What Can We Learn From The Pilgrims?
When the Pilgrims landed at Plymouth Rock, they had entered into a contract that stipulated that they would share everything that was harvested with the community at large. All property was community property. All crops were stored in a central storehouse for the entire community to share. We all know the story of what life was like during that first winter in the “New World”. Many succumbed to disease and the cold temperatures of New England. Bradford realized that the “social experiment” of collectivism had failed. He quickly reorganized the community into a free market society. In his words, “young men that were most able and fit for labor and service did repine that they should spend their time and strength to work for other men's wives and children without [being paid] that was thought injustice.” Bradford understood that the incentive to work hard to reap the rewards of your labor was lost under a socialist society.
The Pilgrims learned that in order to not only survive but also to succeed in their new home they needed freedom; freedom to work in a vocation of their choosing, that would provide for their families and their futures. The Pilgrims would not sit idly by and watch their neighbors starve to death if their crops did not come in; they would help where they could, but they expected each man to provide for his family. They discovered that the harvest was much greater under the free market system than the harvest seen under the socialist system.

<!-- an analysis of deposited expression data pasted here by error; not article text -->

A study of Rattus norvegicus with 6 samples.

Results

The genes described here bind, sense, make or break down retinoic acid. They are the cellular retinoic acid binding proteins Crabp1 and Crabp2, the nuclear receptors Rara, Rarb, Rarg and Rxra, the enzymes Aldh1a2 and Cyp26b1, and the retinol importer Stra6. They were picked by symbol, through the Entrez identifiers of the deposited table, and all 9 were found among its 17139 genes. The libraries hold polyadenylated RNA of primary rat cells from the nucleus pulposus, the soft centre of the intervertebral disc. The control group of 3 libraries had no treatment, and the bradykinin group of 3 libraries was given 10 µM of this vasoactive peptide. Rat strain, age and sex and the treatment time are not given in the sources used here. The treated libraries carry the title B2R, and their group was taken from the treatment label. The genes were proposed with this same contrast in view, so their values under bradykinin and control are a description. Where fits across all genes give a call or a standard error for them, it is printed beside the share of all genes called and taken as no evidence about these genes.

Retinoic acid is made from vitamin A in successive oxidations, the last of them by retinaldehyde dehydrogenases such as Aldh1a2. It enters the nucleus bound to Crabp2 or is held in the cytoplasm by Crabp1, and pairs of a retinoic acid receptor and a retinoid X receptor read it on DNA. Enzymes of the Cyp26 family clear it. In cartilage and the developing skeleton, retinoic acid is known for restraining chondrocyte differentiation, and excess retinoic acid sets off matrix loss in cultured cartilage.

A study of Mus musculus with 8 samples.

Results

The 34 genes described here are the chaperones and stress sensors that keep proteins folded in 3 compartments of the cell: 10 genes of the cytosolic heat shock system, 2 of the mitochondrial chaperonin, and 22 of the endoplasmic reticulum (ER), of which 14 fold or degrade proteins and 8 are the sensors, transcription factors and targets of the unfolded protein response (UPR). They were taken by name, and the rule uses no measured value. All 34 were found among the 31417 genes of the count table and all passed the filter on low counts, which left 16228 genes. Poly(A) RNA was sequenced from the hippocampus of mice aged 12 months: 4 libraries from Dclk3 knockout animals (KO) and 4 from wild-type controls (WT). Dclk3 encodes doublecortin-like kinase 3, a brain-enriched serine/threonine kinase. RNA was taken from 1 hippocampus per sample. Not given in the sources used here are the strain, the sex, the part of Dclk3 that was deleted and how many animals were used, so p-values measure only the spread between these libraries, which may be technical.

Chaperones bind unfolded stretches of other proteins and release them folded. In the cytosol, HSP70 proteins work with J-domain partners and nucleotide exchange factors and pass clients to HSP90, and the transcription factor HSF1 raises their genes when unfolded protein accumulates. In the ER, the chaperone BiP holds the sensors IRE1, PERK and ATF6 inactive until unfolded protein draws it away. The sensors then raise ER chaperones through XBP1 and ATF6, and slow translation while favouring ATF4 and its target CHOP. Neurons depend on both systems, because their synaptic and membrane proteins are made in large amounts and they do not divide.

Another aspect of the Thanksgiving story that is conveniently forgotten is the simple fact that the Pilgrims were giving thanks to their Creator for His grace in providing a bountiful harvest and his protection. In our world of political correctness there is a fear of mentioning anything that could resemble a Christian reference. Of course, educators are hamstrung by the notion of separation of church and state. The fear of mentioning God in the classroom has led to the edited version of our country’s origins. The Pilgrims fled England because of religious persecution. They desired a country where they could worship God in a manner that they wanted. This desire is what led to the statement in our Constitution that the government would make no law hindering a religion or establish a state religion. In my copy of our founding documents, I have been unable to find where it prohibits the mention of God’s name in our schools. How does a teacher accurately discuss the Declaration of Independence in class when it mentions the Creator?
This Thanksgiving weekend, take time to relax and reflect on all for which you are thankful, but do not forget where our country came from and the lessons that they learned along the way. In this season of corporate bailouts, I would hope that our leaders in Washington realize what the Pilgrims learned nearly 400 years ago. What incentive will these corporations have to restructure their business if the government consistently bails them out?